Hua Mei Charter School Application Denied
Mandarin-immersion school will not open in suburbs
The charter school school application for Hua Mei was denied by Acting Education Commissioner Christopher Cerf Friday afternoon, Patch has confirmed with school officials.
The long-awaited decision comes after months of opposition and protests by residents in West Orange, Maplewood and South Orange.
The Mandarin-immersion school, proposed to be located in Maplewood, would have drawn students from the South Orange-Maplewood School District and West Orange School District.
Hua Mei, though, is no stranger to rejection as the school was denied in September when only four of 55 charter school applications were approved. Hua Mei re-applied a month later, no longer listing Millburn, Livingston and Union among the "in-district" school districts from which they would draw.
Laura Lab, West Orange board of education president, praised the news, "I'm very happy the commissioner made this decision, it just makes sense."
Maplewood Board of Education President Beth Daugherty told Patch in an email that the decision was "great news." She said all of the suburban charter school applications were rejected, and eight urban charter schools approved. On Saturday, Daugherty sent this statement on behalf of the Board of Education:
"We are very pleased that the Hua Mei Charter School application was denied for the second time and grateful to all of the 1,000 plus community members who signed petitions and contacted the Department of Education and legislators to voice their objections. We would also like to commend Dr. Osborne and his staff for a very thorough and insightful statement outlining the many reasons for the District's opposition. However, our work is not done. We must all continue to push for charter school reform legislation that includes local control in the charter school approval process."
West Orange Superintendent of Schools Dr. Anthony Cavanna said he was pleased with the decision but worried the charter could reapply in the spring. Cavanna said he hoped the legislature would "look at alternate ways of funding charter schools."
When reached for comment, South Orange-Maplewood Superintendent of Schools Dr. Brian Osborne said simply, "We appreciate the decision."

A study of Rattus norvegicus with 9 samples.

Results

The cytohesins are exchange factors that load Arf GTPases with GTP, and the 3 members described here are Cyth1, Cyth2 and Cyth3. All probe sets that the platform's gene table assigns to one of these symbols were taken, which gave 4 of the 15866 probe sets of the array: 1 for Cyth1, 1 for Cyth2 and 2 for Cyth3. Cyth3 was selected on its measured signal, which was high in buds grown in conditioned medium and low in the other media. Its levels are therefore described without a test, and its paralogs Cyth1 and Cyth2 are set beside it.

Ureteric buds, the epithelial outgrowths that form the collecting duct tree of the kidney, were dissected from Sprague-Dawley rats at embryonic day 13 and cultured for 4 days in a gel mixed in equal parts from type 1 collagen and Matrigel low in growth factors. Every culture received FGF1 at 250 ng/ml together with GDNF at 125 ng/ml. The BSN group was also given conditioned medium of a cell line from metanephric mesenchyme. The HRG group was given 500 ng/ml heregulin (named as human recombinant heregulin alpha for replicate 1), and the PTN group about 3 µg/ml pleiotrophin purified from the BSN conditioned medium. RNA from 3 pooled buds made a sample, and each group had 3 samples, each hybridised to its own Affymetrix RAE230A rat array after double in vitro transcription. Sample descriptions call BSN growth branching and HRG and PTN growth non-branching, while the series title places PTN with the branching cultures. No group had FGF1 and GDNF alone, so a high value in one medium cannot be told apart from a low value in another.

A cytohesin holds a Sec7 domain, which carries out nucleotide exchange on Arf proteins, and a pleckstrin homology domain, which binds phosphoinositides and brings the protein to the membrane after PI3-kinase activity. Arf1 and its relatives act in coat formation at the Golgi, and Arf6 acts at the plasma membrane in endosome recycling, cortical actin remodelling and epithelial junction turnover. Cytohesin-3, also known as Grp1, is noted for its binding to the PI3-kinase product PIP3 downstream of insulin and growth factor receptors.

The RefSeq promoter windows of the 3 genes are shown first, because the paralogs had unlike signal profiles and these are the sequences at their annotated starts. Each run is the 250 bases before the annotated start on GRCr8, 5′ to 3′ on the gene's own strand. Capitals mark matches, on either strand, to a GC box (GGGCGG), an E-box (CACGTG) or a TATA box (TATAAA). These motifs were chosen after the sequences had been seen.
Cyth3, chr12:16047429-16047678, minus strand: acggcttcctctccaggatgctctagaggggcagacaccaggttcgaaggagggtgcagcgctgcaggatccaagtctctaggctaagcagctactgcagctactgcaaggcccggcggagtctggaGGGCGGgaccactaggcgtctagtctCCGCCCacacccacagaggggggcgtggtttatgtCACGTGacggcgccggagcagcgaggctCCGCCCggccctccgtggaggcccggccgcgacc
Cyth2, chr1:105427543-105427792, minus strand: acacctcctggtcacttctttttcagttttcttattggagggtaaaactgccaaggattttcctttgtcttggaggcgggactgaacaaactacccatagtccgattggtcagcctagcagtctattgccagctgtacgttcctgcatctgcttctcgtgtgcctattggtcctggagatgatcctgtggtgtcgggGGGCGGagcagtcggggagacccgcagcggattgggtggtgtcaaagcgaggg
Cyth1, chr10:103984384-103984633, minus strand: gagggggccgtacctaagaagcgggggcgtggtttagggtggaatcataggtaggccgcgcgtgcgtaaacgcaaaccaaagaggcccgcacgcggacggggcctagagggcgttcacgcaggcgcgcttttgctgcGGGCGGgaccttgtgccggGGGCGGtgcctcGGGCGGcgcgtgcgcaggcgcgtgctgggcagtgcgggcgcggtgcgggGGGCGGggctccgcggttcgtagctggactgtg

In a release from the Governor's Education News Service, Cerf expalined the decisions:
"The applications we approved today have demonstrated a strong educational program and the capacity to implement that program, in addition to articulating a clearly defined need for the school in their specific community," said Cerf, who reaffirmed the Christie administration's commitment to the use of charter schools to "expanding the number of high-quality charter schools so that every student can choose the school option that is the best fit for them."
In the release, Cerf noted that applications were held to benchmarks that included "whether an application proposes an educational program that integrates the school's mission and clearly indicates how it will educate all students, regardless of any theme or other specific focus."
The list of approved charter applications includes charters proposed for Camden (3 schools), Millville/Pittsgrove/Vineland, Jersey City, Newark (2 schools) and Trenton.
Besides school officials, other town leaders were also expressing their satisfaction with Cerf's decision.
Maplewood Democratic Committee Vice Chair Garnet Hall sent a message to elected and appointed town leaders thanking local resident Marian Raab and others for "all the time and effort it took to make sure Maplewood's and South Orange's voices were heard. We salute your commitment, organizational skills and dedication."
Hall added, "In addition, the charter school application for Montclair was also denied. I hope this is a trend and a fight we will keep on winning."